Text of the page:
Webinar by John Chitty B.Vet.Med Cert ZooMed FRCVS

John has contributed massively to veterinary education with WebinarVet with 47 webinars to his name. Since qualification from the RVC in 1990 he has been equally busy as seen in his WebinarVet CV. He has been President of the European Association of Avian Medicine (2015-2017) and the British Small Animal Veterinary Association (2017-2018). He is currently a trustee and honorary secretary of Vetlife. His veterinary webinar is billed as  ‘Guinea pig surgery. It’s not so scary really….’ but changes to the title above in the presentation, which as you can see, gives equal footage to anaesthetic considerations.

He tackles the alarming statistic that according to a CEPSAF (Confidential enquiry into perioperative small animal fatalities) report, guinea pigs fare less well than other species when anesthetised, with more than 3% deaths. Most of these are post-operative and the flowing reasons are suggested: 

  • Evaluation
  • Preparation
  • Choice of anaesthetic
  • Maintenance and peri-operative support

These headings are discussed in the next fifteen slides of the webinar. Some of the problems encountered include the differing size and surface area, heat loss, underlying disease (common), gut stasis and the need for pain control.

Patient preparation is important and involves antibiotic treatment where necessary, analgesia, anti-inflammatories, fluids, and correctly timed feeding.

Throughout the presentation, which has primary care colleagues very much in mind, there are many practical asides. For example, pre-anaesthetic bloods are not described as very useful, particularly as you would probably have to anaesthetise to obtain a sample. Important peri-anaesthetic considerations are fluids, warmth, gut motility and analgesia. There is a good summary of analgesia incorporating the use of NSAIDS, with advice on the use of meloxicam and carprofen. Similarly, opiates, ketamine and alpha-2 agonists are covered.

We are advised to be aware of maximum doses of local anaesthesia (and use them!), followed by various techniques of local anaesthesia -specific blocks, regional, infiltrative, incisional and splash for example.

Various anaesthetic recipes are briefly mentioned and what works for you is probably best.  John uses Isofluorane, with a mask in most cases, and he rarely intubates. We are advised, if intubation is considered, to beware of material at the back of the mouth and the subsequent risk of post-operative pneumonia. For an emergency situation, doxapram, adrenaline, fluids, a tracheotomy kit and a ventilator are all of possible use.

Although subcutaneous, intra-peritoneal, intra-osseous, and intravenous routes are all possible for fluid therapy, in practice only the first two are regularly used.

Post-operatively there is a need for warmth, security, companion(s) and food (own food is best). Various food sources are recommended. Monitoring is advisable whilst in hospital, and there are some suggestions for this.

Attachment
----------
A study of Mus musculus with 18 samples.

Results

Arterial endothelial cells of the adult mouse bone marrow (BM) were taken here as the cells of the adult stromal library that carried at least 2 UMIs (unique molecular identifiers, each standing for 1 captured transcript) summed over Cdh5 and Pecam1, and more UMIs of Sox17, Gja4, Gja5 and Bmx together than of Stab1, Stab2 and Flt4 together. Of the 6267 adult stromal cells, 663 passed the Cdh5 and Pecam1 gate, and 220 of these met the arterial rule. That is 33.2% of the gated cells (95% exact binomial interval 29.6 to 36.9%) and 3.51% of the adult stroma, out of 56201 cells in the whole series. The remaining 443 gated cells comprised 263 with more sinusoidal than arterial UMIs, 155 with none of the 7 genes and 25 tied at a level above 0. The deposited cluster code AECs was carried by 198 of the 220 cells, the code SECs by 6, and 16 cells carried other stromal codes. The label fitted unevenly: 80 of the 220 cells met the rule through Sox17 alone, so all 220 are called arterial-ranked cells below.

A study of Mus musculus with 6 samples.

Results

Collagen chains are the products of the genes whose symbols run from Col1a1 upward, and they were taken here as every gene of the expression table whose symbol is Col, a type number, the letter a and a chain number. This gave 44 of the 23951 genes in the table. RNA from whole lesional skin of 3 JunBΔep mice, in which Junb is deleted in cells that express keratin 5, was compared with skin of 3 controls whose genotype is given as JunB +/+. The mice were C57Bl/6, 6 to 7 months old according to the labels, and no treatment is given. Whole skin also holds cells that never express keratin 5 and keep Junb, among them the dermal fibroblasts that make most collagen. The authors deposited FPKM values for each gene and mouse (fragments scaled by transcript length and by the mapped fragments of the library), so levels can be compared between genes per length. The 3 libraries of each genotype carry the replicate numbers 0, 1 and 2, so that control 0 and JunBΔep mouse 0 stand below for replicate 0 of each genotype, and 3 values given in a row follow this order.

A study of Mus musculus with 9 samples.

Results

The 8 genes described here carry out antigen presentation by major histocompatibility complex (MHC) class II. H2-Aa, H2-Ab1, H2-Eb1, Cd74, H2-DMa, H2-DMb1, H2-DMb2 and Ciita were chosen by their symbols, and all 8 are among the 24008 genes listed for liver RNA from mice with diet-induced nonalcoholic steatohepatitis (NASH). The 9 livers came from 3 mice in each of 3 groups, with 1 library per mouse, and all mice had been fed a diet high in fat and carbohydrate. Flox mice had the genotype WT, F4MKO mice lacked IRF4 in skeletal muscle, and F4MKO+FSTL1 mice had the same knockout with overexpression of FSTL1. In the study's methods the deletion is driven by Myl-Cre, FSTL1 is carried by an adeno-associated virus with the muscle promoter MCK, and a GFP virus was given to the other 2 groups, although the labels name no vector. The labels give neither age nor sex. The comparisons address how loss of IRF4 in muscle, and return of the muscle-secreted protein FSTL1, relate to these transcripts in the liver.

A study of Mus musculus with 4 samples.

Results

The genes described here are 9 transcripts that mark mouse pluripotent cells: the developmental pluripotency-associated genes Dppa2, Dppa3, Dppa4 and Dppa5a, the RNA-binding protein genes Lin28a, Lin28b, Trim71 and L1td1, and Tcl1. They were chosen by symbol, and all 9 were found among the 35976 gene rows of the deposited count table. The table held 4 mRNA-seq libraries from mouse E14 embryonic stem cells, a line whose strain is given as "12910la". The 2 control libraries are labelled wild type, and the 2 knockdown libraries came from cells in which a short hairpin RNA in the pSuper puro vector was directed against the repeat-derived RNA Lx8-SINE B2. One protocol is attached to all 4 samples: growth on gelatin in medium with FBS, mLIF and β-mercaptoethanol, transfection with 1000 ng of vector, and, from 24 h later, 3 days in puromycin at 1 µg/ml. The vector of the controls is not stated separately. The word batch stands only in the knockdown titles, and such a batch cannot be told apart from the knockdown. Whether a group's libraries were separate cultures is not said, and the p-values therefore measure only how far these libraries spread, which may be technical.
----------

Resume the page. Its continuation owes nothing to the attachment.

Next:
A summary bullet point states ‘Successful anaesthesia =stress relief.’ (Not stated, but true I am sure, that the figure of 3% mortality rate would ve very much diminished by attention to the preceding.)

The second part of the webinar is an account of the surgical cases that john sees, with practical tips for each. Basic surgical principles, common for all surgeons are listed before moving on to the surgical procedures.

The first of these is guinea pig orthopaedics, or more specifically fracture cases, which are rare. Some reasons why this should be are suggested. Many fractures heal with rest and analgesia. External coaption and fixation with an intra-medullary pin are briefly described.  In some cases amputation is the best option and is generally well tolerated.

Dental diseases are important and we are advised image first in order to get the best assessment of the extent of the problem. Dental abscesses can form, and although they are far less common compared to rabbits, they are much more difficult to treat. In the presentation there is more emphasis on palliative care.

The remainder of the webinar deals with selected soft tissue surgeries. It is a very pictorial account with many illustrations of specific operations, demonstrating the extensive experience that John has accumulated in his career. Each operation is briefly described, with practical tips to help ensure a successful outcome. The following is a list of what you can expect: 

  • Castration (pre-scrotal). Associated problems and how to avoid them/deal with them if they occur
  • Lots of detail and illustrations
  • Tips for guinea pig caesarian.
  • Spay-ovariectomy or ovariohysterectomy? Is elective spey indicated?
  • Pyometra
  • Analgesia post-operatively
  • Prolapses
  • Mass removals
  • Mammary removals
  • Cystotomy-uroliths. Risk of relapse is very high
  • Interestingly masking of kidney disease, as seem in cats has not to date been a problem
  • Gastric torsion ad other causes of abdominal distension
  • Eye enucleation-similar to rabbits, but much easier.

The summary bullet points are: 

  1. Guinea pigs can be operated on
  2. Take care with patient preparation and peri-operative care (analgesia and fluids)
  3. Surgical technique -taking care with hemostasis, tissue handling with emphasis on speed and precision

It’s difficult to believe that john covered all the above in an hour. But as mentioned, a lot consists of clinical pictures to which he adds comments, invariably of a practical nature. The webinar is a very useful account of just about every guinea pig problem you are likely to see in first opinion practice, and how to maximise success in dealing with them.